Fast fashion is one of the biggest global polluters, generating 100 billion garments each year. Fashion outlets generally restock their stores every four to six weeks in the hope that consumers will buy the very latest trends. They discard huge quantities of ‘out of fashion’ clothing which usually ends up in landfill. The ethically-minded have been seeking sustainable fashion solutions for a long time. And one of them is to buy used garments. But is vintage shopping sustainable?
Before we go further, let’s explore the difference between second-hand clothing and vintage. Second-hand clothes could have come out of the factory last week. But genuine vintage clothes are 20 years old or more. They may have started out at a recycled clothing bank mixed with second-hand items. But savvy sellers will separate the vintage pieces from non-vintage pieces and package them into bales. They sell these bales to companies who sort and sell them.
Vintage clothing is sustainable then?
Sidestepping the most polluting stage (production) of the supply chain is certainly great news for the planet. And while many fast fashion clothes will fall apart after a few wears, most vintage garments were made to last. That’s why they’re still going! Vintage clothes don’t lose their value, provided you look after them. That means you can sell them again, continuing their cycle.
It’s clear that recycling items saves raw materials. New garments made of fabric such as cotton, need lots of water and pesticides to grow. And synthetic textiles derived from petroleum are even more unsustainable. They shed microfibres and pollute the environment. That’s not to mention the toxic dyes and chemicals used in the industry.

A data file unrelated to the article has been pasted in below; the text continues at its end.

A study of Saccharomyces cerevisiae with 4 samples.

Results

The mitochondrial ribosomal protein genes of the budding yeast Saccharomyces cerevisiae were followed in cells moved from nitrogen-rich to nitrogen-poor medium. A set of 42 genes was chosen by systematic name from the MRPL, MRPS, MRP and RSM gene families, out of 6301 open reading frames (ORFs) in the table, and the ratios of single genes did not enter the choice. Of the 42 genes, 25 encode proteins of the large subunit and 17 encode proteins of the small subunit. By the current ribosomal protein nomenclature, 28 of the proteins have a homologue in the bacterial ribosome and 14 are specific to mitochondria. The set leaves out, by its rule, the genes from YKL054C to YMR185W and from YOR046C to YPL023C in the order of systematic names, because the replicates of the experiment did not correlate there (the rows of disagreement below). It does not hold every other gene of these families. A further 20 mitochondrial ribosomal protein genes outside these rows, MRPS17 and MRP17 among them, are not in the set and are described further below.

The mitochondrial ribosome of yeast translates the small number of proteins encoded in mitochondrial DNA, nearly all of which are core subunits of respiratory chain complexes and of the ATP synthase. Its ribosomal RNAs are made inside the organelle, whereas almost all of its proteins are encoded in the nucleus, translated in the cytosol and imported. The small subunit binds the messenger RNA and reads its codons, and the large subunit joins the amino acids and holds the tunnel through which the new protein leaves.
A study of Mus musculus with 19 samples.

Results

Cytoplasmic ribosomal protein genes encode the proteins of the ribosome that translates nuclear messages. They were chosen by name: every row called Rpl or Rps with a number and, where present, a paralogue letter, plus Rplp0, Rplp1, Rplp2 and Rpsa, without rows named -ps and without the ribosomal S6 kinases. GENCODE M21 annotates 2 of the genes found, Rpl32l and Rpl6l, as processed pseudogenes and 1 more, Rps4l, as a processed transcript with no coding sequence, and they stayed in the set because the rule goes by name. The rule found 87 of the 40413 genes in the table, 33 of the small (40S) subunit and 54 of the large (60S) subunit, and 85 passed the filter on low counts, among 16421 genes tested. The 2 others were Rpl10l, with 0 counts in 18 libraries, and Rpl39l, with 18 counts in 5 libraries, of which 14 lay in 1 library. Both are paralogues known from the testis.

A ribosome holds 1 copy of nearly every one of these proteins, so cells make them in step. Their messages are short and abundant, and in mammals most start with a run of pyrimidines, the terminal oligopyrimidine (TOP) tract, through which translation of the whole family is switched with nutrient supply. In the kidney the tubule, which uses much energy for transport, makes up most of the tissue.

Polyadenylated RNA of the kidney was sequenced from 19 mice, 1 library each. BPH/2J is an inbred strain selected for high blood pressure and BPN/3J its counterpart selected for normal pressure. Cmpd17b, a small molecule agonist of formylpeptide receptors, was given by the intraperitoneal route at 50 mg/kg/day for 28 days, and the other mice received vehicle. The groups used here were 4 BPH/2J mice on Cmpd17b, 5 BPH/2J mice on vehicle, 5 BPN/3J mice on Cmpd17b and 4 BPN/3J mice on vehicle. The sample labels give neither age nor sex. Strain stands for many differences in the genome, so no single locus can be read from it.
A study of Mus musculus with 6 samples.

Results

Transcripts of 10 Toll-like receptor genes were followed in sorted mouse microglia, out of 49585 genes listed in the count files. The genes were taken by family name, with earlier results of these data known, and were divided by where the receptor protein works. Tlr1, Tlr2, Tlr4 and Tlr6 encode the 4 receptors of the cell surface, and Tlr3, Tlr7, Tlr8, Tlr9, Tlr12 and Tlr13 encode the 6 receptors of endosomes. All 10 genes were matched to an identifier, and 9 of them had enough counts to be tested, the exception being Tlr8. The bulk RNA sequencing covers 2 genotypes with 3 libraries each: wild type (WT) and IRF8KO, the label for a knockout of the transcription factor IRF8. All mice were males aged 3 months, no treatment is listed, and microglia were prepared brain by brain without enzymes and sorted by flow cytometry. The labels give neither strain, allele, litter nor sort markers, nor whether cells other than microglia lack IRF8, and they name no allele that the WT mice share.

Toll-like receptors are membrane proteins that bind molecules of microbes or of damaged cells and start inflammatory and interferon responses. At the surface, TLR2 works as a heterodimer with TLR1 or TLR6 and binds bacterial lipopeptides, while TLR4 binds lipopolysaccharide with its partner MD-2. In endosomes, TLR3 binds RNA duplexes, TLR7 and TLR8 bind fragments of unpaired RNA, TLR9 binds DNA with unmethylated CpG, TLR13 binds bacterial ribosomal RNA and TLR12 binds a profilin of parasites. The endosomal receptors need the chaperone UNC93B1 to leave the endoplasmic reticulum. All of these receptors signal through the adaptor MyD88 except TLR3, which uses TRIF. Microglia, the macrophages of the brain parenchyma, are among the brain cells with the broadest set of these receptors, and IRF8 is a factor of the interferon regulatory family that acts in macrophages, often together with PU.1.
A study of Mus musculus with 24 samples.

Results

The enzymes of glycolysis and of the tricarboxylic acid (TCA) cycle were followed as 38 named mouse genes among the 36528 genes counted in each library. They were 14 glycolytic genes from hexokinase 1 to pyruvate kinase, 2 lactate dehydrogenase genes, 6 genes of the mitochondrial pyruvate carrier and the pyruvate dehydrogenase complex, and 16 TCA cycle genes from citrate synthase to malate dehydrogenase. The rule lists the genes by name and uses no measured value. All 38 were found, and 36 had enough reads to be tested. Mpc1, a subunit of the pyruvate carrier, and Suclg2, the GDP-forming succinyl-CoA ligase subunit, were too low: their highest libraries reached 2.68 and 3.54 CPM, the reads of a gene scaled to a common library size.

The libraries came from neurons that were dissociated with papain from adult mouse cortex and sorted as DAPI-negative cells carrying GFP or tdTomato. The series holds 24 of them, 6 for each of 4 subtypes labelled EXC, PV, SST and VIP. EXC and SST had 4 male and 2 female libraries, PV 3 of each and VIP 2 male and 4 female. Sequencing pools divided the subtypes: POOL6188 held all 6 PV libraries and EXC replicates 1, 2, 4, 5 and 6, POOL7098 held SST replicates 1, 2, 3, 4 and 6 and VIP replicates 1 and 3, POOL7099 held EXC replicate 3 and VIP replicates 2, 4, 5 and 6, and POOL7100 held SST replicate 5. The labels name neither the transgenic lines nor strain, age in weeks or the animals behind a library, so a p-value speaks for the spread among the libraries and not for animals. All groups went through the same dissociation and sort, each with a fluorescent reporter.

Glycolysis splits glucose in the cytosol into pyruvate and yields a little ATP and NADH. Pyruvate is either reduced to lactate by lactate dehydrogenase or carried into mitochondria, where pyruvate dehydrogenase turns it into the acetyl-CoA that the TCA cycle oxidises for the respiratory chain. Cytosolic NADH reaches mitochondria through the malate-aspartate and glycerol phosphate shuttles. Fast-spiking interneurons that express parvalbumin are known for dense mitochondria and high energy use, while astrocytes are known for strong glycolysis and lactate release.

But digging deeper, there are issues to consider when buying vintage. It’s not always the perfect solution. Some vintage shops include new garments masquerading as old, defeating the whole purpose.
Many large retailers source their clothing from Pakistan which adds tens of thousands of miles and tons of carbon to their garments. And it’s almost impossible to determine whether workers involved in the supply chain are fairly-treated. And don’t forget that vintage clothes made of synthetic fibres shed microplastics when washed.
You are constantly encouraged to buy, buy, buy. Advertisers target you personally with their ads. So it’s not surprising that fast fashion is prevalent. But considering your spending habits is a great first step to stepping out of the consumerist cycle.
Overall, the sustainability of vintage clothing depends on how you do it. It’s definitely more sustainable than fast fashion. But it’s important to be mindful that it isn’t always ethical or eco-friendly. As with all fashion items, it’s important to remember to only buy vintage items when you need them. A really good start in rejecting the fast fashion industry is to buy well-made, long-lasting vintage clothing.
Governments and policy makers have a huge responsibility to fix our environmental problems. But we also great power as consumers. By making more sustainable choices we can force industries to change how they operate and generate positive change.